How influencers worsen gender relationship in China? | Teen Ink

How influencers worsen gender relationship in China?

August 18, 2023
By Lyon_Chen BRONZE, Shenzhen, Other
Lyon_Chen BRONZE, Shenzhen, Other
1 article 0 photos 0 comments

As a 16-year-old straight male in China, I quickly learned that being a feminist wasn't always popular. In fact, feminism has long been a controversial topic in my country. With the rise of the internet, the debate has only intensified.

In the year 2020, stand-up comedian Li Yang, who is known for her roasts against chauvinism, made a comment that had millions of Chinese internet users riled up. During an online talk show, she said, "How can he be so confident when he looks so ordinary?" Some people felt this comment perpetuated harmful stereotypes about men needing to be conventionally attractive to be successful.

Within the same year, popular influencer "Papi Jiang," who has over 20 million followers and is known for being a feminist, faced criticism for naming her child after her husband's first name. Some Chinese internet users felt this was a sign that women are still expected to prioritize their husbands over their own identities.

The addition of influencers and opinion leaders in talks surrounding feminism has added a new dimension to the debate. Worse of all, many are simply using feminism as a way to gain popularity and profit. These influencers who claim to be feminists in China do not understand the true meaning of the movement. Yet, their actions harm the reputation of those who do.

For example, Ayawawa, a relationship influencer whose social media post attracts 100,000 daily views, is known for teaching women how to use feminism power to achieve a dominant position in a romantic relationship. She incites materialismand gives multiple talks on spending man’s money to gain power in a relationship.

The distortion and exploitation of the feminist movement by influencers like Ayawawa adds fuel to the fire of the already contentious debate around feminism in China. Pseudo-feminism doesn’t care about the truth of an opinion or the consequence, but use feminism as a tool for personal gain or to dominate in a relationship.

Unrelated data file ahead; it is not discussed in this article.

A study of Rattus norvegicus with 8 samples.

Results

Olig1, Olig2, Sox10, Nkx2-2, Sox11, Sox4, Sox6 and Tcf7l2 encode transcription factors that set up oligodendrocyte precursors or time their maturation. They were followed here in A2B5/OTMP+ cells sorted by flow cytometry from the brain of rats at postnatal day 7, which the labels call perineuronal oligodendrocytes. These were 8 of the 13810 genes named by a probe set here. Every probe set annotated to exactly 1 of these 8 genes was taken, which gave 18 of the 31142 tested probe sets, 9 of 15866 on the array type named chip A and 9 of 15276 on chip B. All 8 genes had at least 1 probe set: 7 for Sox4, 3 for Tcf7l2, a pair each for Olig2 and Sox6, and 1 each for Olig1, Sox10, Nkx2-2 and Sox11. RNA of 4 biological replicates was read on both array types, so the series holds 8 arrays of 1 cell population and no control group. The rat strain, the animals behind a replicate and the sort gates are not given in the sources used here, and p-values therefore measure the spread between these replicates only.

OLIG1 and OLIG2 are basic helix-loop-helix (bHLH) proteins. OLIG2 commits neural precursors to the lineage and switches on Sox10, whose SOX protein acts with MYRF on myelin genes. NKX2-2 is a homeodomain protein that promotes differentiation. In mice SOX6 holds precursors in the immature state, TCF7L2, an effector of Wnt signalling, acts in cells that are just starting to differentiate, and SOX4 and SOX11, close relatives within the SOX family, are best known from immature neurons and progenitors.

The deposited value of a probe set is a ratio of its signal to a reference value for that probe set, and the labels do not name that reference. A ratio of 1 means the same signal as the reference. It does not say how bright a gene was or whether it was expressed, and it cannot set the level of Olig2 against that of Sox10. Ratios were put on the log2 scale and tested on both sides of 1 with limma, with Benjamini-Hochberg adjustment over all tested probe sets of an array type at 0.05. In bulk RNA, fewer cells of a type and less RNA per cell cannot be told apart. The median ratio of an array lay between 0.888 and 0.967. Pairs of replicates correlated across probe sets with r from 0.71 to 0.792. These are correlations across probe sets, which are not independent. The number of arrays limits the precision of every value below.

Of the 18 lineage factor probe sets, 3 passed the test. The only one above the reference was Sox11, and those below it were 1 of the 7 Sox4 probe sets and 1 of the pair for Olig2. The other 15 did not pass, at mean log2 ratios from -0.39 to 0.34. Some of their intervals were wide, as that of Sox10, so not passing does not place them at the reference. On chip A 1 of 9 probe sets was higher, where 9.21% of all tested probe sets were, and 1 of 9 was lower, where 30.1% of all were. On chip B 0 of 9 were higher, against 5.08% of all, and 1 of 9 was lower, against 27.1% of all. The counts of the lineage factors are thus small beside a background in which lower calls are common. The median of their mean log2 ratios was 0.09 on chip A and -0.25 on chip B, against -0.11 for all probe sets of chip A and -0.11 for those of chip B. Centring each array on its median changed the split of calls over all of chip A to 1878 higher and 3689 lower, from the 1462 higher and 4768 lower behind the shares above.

A popular false feminism quote is "men make the money and women should look pretty like flowers." Several stigmas, such as the “Chinese rural dog” has been invented by Chinese internet user to criticize this pseudo-feminism perspective. However, these stigmas only perpetuate harmful stereotypes and further the divide between genders, rather than promoting true gender equality.

As a feminist, it's disheartening to see these self-proclaimed feminist influencers use the movement for their own gain. True feminism is about dismantling oppressive systems and achieving true equality. We must hold these influencers accountable for their actions and continue to educate others on the true meaning of feminism. Only then can we hope to create a society that is truly equal and just for all genders.

The author's comments:

In recent years in China, feminism has aroused lots of attention from society through a series of actions - from promoting feminism through social media to organizing feminism campaigns. However, the influence of feminism in China didn’t seem so positive due to the frequent occurrence of pseudo-feminism. Over time, I think the pseudo-feminism in China has only worsened the gender relationship as both genders have grown aggressive opinions toward the other. To investigate this problem, I read journals that discussed pseudo-feminism in China and its effect through social media, and I also read some news in recent years about pseudo-feminism and different opinions about it to help my composing process.